Paperback Writer - The Beatles


There are a few versions of the origins of "Paperback Writer".

Journalist Steve Turner writes that a Radio Luxembourg disc jockey describes a story where he met McCartney backstage after a show and told him that “one of his aunts had just asked him if he could ever write a single that wasn’t about love. With that thought obviously still in his mind, he walked around the room noticed that Ringo was reading a book. He took one look and announced that he would write a song about a book.”

McCartney wrote this after helping some friends, including John Dunbar, set up the Indica Bookshop (in the basement was the Indica Gallery, where Lennon met Yoko Ono), in January of 1966. He was their first customer.

McCartney wrote in his autobiography:

“It was tilted towards me; the original idea was mine. A bluesy song- not a lot of melody.”
Lennon would refer to Paperback Writer as the “son of ‘Day Tripper’” – meaning a “dirty” sounding guitar lick.

The song is sung from the perspective of an author soliciting a publisher. A paperback is cheaper than a traditional hardcover book, and at the time was considered of lower quality and written for mass consumption. The implication is that the writer isn’t all that good.

Reviewers of "Paperback Writer" over the years have tended to cast it off as being a fairly weak song. Better lyrics were demanded. But it is not the lyrics that drive this song; it’s the sound; the vibrating feel of it. It’s George’s lead guitar riff, John’s tremolo rhythm, Ringo’s driving beat and Paul’s soaring bass playing. All playing in a state of “oneness” that only they have ever displayed.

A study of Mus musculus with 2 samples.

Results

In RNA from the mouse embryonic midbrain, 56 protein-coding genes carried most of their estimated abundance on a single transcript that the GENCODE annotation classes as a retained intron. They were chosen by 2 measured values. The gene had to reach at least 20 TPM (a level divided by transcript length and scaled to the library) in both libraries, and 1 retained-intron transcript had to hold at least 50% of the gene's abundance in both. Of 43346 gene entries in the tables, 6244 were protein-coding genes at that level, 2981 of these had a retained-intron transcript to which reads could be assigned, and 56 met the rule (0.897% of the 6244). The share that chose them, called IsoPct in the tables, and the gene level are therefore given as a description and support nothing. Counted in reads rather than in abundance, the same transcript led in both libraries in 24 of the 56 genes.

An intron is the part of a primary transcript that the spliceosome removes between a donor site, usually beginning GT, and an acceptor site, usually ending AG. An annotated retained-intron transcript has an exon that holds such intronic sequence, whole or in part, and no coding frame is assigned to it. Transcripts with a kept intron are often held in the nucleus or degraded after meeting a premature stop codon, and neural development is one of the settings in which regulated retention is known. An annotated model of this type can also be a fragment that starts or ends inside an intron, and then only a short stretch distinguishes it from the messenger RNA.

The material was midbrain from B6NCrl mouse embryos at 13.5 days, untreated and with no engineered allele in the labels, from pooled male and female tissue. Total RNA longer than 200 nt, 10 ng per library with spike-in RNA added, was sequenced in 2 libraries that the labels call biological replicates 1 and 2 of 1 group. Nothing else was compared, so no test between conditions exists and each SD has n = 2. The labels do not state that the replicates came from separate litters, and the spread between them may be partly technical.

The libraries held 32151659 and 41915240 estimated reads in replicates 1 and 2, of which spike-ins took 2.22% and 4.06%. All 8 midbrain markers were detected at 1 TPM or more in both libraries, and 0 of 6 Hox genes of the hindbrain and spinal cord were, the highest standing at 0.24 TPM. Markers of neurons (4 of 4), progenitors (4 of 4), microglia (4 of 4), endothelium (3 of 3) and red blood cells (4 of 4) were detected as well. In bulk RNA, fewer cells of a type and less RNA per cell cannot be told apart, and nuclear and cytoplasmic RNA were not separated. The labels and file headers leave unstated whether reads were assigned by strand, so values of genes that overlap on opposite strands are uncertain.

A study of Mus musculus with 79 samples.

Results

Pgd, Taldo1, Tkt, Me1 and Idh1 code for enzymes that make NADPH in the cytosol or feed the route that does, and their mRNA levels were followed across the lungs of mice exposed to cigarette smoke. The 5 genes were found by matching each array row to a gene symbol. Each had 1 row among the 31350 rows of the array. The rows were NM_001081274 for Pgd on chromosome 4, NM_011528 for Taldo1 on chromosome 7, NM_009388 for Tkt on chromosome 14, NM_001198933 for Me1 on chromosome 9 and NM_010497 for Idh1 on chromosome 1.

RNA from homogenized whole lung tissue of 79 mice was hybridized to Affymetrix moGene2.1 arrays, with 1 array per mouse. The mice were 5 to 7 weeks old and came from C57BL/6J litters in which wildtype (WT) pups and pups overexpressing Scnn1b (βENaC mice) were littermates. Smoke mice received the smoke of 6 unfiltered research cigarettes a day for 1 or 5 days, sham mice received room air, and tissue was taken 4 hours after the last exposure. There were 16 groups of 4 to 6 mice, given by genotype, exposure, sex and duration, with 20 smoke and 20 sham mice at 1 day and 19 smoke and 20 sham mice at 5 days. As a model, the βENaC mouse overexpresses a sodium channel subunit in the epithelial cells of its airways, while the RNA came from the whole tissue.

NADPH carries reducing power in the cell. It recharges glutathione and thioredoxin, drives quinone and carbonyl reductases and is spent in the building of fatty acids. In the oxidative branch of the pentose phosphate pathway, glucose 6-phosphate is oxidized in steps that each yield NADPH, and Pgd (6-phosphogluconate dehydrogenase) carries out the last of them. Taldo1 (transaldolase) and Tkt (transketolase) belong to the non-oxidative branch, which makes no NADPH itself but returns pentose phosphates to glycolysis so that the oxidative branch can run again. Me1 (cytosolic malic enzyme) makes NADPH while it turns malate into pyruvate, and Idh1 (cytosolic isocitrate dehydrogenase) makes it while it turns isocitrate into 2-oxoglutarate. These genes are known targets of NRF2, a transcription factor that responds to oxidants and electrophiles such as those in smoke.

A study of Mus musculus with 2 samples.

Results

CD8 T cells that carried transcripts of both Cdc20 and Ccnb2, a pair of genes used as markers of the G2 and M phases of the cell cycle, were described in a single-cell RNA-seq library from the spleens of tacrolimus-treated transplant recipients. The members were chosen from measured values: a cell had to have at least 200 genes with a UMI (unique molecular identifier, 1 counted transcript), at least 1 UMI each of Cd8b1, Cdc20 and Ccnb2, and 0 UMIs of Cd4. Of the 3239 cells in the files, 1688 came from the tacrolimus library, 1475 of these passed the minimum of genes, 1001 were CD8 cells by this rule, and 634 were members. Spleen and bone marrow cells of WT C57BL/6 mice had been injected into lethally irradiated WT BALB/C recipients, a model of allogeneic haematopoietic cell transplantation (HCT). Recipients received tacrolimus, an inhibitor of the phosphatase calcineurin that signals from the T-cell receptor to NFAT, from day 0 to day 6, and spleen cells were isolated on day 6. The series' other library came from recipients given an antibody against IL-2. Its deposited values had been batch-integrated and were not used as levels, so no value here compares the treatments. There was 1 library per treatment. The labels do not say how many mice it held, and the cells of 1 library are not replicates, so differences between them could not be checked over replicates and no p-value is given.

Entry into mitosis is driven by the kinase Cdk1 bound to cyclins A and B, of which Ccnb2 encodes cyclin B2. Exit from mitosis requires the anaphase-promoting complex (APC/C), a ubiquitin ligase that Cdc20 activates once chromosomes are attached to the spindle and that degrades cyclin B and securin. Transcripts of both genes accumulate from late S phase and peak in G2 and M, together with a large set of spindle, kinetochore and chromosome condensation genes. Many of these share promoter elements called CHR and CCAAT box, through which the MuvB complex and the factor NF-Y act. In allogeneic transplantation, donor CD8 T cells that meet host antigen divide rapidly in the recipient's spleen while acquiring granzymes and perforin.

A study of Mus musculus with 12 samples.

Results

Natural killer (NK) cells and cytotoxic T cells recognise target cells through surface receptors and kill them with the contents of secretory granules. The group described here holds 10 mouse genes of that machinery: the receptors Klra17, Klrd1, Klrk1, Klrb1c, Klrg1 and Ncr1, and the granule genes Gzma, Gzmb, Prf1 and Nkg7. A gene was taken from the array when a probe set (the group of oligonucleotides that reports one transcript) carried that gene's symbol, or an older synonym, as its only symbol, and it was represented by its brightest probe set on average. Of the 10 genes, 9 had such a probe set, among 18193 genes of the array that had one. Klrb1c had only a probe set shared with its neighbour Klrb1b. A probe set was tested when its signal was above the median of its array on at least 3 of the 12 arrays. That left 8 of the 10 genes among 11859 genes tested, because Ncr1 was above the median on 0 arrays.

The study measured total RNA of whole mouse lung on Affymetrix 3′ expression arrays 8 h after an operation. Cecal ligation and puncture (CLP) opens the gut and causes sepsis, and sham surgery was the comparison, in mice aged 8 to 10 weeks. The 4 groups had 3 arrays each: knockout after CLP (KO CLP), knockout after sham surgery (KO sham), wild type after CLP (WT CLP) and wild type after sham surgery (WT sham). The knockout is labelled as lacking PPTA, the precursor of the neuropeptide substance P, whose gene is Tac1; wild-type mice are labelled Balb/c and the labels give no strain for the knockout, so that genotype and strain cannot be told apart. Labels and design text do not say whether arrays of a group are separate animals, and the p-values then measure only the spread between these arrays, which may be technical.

Ringo’s bass drum was altered by stuffing it with sweaters and put the microphone an inch away from the drum. McCartney’s bass was boosted by using a bass speaker as a microphone and positioning it in front of the bass speaker. There was some concern that the heavy bass line would make record players skip. McCartney’s bass playing carried with it a very melodic style making the instrument more accessible to a wider audience. Suddenly, his bass became a vivid, unmistakable part of a new, bolder sound. A vanguard for the emerging psychedelic sound which they were chiefly responsible for creating.

Abbey Road studio engineer Geoff Emerick remembers:

“It occurred to me that since microphones are in fact simply loudspeakers wired in reverse why not try using a loudspeaker as a microphone? It seemed that whatever can push bass signal out can also take it in- and that a large loudspeaker should be able to respond to low frequencies better than a small microphone.”